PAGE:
Mary-Lynn Cesar, Kapitall: We looked for undervalued stocks based in Chile after the country re-elected Michelle Bachelet.
Former President Michelle Bachelet emerged victorious in Chile’s presidential runoff election on Sunday, propelled to victory by campaign promises of constitutional, fiscal, and educational reform. Bachelet, the candidate of the center-left New Majority alliance, won 62% of the popular vote, the highest percentage for any candidate since Chile resumed democratic elections in 1989.
The biggest challenge to Bachelet’s proposed reforms lies in a deliberately suppressive electoral system created by dictator General Augusto Pinochet in the seventies. During last month’s congressional election, the New Majority failed to win an absolute majority in most districts; thanks to Pinochet’s electoral rules, anything short of an absolute majority in an electoral district means that the first and second place parties must split the district’s seats evenly.
This complicates Bachelet’s plans for sweeping changes as Pinochet’s rules mandate the following Congressional voting majorities for reform: 57% for educational, 60% for electoral, and 67% for constitutional overhaul. Presently, Bachelet holds a 57% majority in the Lower House and a 55% majority in the Senate, which is enough for her tax plan and little else.
On Friday, global rating agency Fitch issued a press release stating Chilean banks have a stable outlook for 2014 and a modest economic recovery is expected for the nation in the coming year. Keeping Bachelet's landslide victory in mind, we decided to look for investment opportunities among Chilean firms that are similarly besting their peers. To begin, we constructed a universe comprised solely of stocks based in Chile that trade on US exchanges, which we narrowed down by screening for stocks with a return on equity (ROE) above the industry average. ROE measures a firm's profitability by expressing a company's profits as a percentage of shareholder equity.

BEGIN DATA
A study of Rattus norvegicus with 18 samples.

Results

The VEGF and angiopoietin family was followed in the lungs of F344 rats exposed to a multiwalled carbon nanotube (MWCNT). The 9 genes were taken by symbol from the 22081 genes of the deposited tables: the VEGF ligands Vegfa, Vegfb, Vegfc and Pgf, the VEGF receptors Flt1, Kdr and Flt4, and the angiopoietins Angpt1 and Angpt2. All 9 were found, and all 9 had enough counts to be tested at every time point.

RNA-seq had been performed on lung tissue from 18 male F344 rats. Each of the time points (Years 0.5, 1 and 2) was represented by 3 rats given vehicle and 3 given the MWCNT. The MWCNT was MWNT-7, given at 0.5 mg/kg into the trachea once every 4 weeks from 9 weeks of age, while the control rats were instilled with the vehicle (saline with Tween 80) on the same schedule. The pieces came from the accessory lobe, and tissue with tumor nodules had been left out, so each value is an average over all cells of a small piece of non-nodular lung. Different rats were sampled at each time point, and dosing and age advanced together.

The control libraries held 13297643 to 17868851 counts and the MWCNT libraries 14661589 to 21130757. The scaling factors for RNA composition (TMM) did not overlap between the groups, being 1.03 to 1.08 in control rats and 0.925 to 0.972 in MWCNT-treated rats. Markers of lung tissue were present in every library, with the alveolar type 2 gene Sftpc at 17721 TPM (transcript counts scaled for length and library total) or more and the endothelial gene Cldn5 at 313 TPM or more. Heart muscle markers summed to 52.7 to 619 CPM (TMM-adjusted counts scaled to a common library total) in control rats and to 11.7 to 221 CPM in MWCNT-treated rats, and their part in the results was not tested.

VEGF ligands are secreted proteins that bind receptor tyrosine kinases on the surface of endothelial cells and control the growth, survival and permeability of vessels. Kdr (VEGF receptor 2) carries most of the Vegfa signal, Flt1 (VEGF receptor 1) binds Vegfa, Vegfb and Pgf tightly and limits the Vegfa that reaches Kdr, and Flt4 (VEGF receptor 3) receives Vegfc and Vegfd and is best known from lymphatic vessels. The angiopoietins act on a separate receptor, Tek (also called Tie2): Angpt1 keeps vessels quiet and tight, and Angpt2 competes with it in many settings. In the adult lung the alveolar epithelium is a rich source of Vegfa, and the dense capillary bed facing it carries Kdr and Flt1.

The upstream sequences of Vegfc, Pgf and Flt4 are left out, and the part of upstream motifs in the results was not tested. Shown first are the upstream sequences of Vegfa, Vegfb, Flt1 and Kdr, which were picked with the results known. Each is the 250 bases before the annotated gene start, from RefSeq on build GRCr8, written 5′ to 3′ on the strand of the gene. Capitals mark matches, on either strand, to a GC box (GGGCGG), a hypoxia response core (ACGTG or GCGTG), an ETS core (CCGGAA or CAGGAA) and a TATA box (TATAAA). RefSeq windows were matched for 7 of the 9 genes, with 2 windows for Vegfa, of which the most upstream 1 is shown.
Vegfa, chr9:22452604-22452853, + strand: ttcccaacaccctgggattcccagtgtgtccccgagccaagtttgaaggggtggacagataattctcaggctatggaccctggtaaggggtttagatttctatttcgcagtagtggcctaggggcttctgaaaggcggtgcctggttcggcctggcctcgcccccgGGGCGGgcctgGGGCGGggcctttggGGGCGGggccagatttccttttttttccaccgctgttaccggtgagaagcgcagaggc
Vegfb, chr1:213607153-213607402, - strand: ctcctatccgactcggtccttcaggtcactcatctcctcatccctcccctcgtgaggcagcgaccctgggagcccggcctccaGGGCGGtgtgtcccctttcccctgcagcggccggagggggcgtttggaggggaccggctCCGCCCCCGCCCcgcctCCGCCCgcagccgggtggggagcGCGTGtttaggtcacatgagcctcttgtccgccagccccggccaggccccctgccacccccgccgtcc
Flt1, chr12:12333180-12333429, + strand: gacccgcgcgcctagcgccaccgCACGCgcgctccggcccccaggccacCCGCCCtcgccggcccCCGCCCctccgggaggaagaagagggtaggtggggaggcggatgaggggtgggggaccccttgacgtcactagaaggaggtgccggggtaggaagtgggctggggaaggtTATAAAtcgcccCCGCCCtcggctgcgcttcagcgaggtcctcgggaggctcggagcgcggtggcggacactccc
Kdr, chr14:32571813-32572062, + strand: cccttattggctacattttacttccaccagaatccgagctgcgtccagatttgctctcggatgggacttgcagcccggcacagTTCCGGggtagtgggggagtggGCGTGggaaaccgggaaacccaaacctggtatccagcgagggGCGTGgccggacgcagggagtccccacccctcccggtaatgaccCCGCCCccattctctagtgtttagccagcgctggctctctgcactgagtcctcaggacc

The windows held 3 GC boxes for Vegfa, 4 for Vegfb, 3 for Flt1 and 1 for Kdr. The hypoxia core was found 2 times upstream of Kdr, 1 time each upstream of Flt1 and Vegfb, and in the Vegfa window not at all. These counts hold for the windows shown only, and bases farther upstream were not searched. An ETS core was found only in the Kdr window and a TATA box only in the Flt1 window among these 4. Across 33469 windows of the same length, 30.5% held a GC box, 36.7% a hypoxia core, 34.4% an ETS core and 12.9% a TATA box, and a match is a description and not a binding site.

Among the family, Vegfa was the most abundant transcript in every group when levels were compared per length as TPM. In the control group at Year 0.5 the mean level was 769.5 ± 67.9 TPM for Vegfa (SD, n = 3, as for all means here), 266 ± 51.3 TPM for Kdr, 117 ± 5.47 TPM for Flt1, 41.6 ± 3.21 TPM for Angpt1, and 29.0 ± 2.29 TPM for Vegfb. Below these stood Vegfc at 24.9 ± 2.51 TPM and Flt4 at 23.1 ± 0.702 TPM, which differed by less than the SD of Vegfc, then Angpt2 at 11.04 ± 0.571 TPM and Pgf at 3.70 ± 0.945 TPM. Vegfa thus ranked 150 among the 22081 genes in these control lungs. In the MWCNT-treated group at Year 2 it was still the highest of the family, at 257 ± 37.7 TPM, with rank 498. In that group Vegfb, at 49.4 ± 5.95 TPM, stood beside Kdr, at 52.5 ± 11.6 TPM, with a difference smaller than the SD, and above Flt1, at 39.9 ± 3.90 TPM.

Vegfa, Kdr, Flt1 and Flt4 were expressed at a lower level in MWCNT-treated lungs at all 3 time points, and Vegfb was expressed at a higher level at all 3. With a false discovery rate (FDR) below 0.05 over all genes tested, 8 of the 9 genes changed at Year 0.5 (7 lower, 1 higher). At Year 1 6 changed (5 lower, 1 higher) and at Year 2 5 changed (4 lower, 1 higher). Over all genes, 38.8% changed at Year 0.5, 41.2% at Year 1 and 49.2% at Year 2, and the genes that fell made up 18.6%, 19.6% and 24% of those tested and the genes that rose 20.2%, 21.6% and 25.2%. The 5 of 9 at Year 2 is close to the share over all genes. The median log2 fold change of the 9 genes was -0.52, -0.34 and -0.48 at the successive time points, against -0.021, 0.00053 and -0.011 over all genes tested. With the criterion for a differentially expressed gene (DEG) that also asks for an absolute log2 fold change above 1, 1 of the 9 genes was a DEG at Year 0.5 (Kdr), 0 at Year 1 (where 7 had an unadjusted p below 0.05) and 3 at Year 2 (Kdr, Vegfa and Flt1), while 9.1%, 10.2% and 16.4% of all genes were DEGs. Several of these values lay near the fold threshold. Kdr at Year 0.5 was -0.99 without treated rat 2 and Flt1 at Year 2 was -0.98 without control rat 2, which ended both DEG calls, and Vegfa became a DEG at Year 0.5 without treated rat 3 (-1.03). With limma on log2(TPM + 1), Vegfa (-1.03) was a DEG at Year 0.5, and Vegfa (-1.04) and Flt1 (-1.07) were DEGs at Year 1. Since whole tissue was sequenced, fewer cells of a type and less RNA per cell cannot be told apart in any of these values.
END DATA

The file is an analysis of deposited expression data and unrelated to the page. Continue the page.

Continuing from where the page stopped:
Net income is a company’s profit (also referred to as total earnings) for an entire fiscal year, minus dividends paid to preferred stock. The preferred shares are also excluded from shareholder’s equity.
To further narrow down our list, we screened for undervalued stocks as indicated by a forward price to earnings ratio (forward P/E) below 15. Forward P/E uses a stock's current P/E ratio and its forecasted earnings to obtain a picture of a company’s future earnings growth. The formula is as follows:
Forward P/E = Market Price per Share / Expected Earnings Per Share
When a stock’s current P/E ratio is greater than its forward P/E ratio, this suggests that earnings are expected to grow in the future.
We were left with three stocks on our list.
Click on the interactive chart below to see sales data over time.Do you think a corporate tax rate hike will have a negative impact on the future performance of these companies? Use the list below as a starting point for your own analysis.